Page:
The recent publication of pricing variation from hospital to hospital is a relatively landmark development in long road to implementing current healthcare law and all of the changes it will entail.
Every change is an opportunity.
How much will things change? First consider the macro-state of the US healthcare industry. In 2010 a whopping 17.6% of the US GDP was spent on healthcare. In all things economic, the largest costs become the largest targets. Whether criticism is levied in the right place or not is a distraction from the fact that public pressure out of pure necessity is going to drive changes.
This comparison is very dangerous for the US healthcare industry. The discrepancy is rightly or wrongly difficult to defend, and the now published variations from hospital to hospital will only further create complications. Change is on the way.
In defense of the healthcare industry, the magnitude of the cost would likely be much less if leading causes of health complications such as obesity, a category in which the US also leads OECD countries, was first addressed. Also, the relatively low percentage of healthcare professionals in the US could be attributed to the high cost of healthcare education and extensive training required. In Japan for example, medical training is started directly in the undergraduate education, forgoing the ubiquitous pre-med programs of US universities that are frequently the targets of students resistant to studying about SP orbital hybridization in organic chemistry for example.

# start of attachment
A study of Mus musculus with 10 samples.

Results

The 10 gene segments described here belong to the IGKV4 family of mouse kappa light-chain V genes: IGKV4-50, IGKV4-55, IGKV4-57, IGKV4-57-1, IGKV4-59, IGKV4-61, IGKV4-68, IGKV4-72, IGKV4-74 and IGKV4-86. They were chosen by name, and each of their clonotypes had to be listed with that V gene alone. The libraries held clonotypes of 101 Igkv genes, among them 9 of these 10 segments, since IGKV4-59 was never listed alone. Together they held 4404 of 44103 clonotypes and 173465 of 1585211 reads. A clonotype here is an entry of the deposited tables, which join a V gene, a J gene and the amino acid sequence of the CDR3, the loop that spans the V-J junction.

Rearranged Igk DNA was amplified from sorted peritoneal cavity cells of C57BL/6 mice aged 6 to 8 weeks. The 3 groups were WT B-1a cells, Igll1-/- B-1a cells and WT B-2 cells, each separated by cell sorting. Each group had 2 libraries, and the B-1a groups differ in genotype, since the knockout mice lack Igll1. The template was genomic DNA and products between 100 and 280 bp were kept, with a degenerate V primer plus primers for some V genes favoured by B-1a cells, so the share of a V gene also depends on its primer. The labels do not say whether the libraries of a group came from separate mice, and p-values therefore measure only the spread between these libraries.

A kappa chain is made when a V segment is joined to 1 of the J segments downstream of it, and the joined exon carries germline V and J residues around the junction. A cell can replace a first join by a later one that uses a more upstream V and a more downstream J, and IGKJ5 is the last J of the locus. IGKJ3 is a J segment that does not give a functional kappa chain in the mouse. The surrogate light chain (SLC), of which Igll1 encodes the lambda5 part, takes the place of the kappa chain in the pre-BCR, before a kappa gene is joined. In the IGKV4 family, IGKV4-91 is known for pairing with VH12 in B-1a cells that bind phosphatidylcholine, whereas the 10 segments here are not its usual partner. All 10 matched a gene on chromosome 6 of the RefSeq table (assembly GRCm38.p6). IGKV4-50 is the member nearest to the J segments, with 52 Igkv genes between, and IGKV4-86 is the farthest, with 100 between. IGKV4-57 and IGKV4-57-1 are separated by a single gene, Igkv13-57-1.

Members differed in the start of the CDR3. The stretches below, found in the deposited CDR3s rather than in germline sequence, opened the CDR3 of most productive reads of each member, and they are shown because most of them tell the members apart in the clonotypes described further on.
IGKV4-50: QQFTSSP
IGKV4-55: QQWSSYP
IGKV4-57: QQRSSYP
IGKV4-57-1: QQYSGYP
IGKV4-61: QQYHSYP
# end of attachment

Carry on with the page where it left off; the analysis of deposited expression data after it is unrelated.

However, this still leaves the problem that until either training costs and time are streamlined, or the nation widely takes up a pescatarian diet, the healthcare industry is in the cross-hairs of politicians and voters, all of whom are patients, and all of whom would rather pay less for healthcare.
Step out of the
Show your value
The need to prove your results is now two-fold. You need to satisfy any upcoming requirements by insurers or government agencies to measure performance, and you also need to be able to prove to increasingly weary patients that they are getting their dollars' worth. SayAh's reputation and outcomes measures can be your first line of defense for both of these concerns. Our reputation management system can get your patients' true feedback out in the wild, ranking in search results, and drowning out the noise of unverified review websites. Our outcomes measures will let you collect, analyze, and present unambiguous data on your performance using a variety of available survey systems.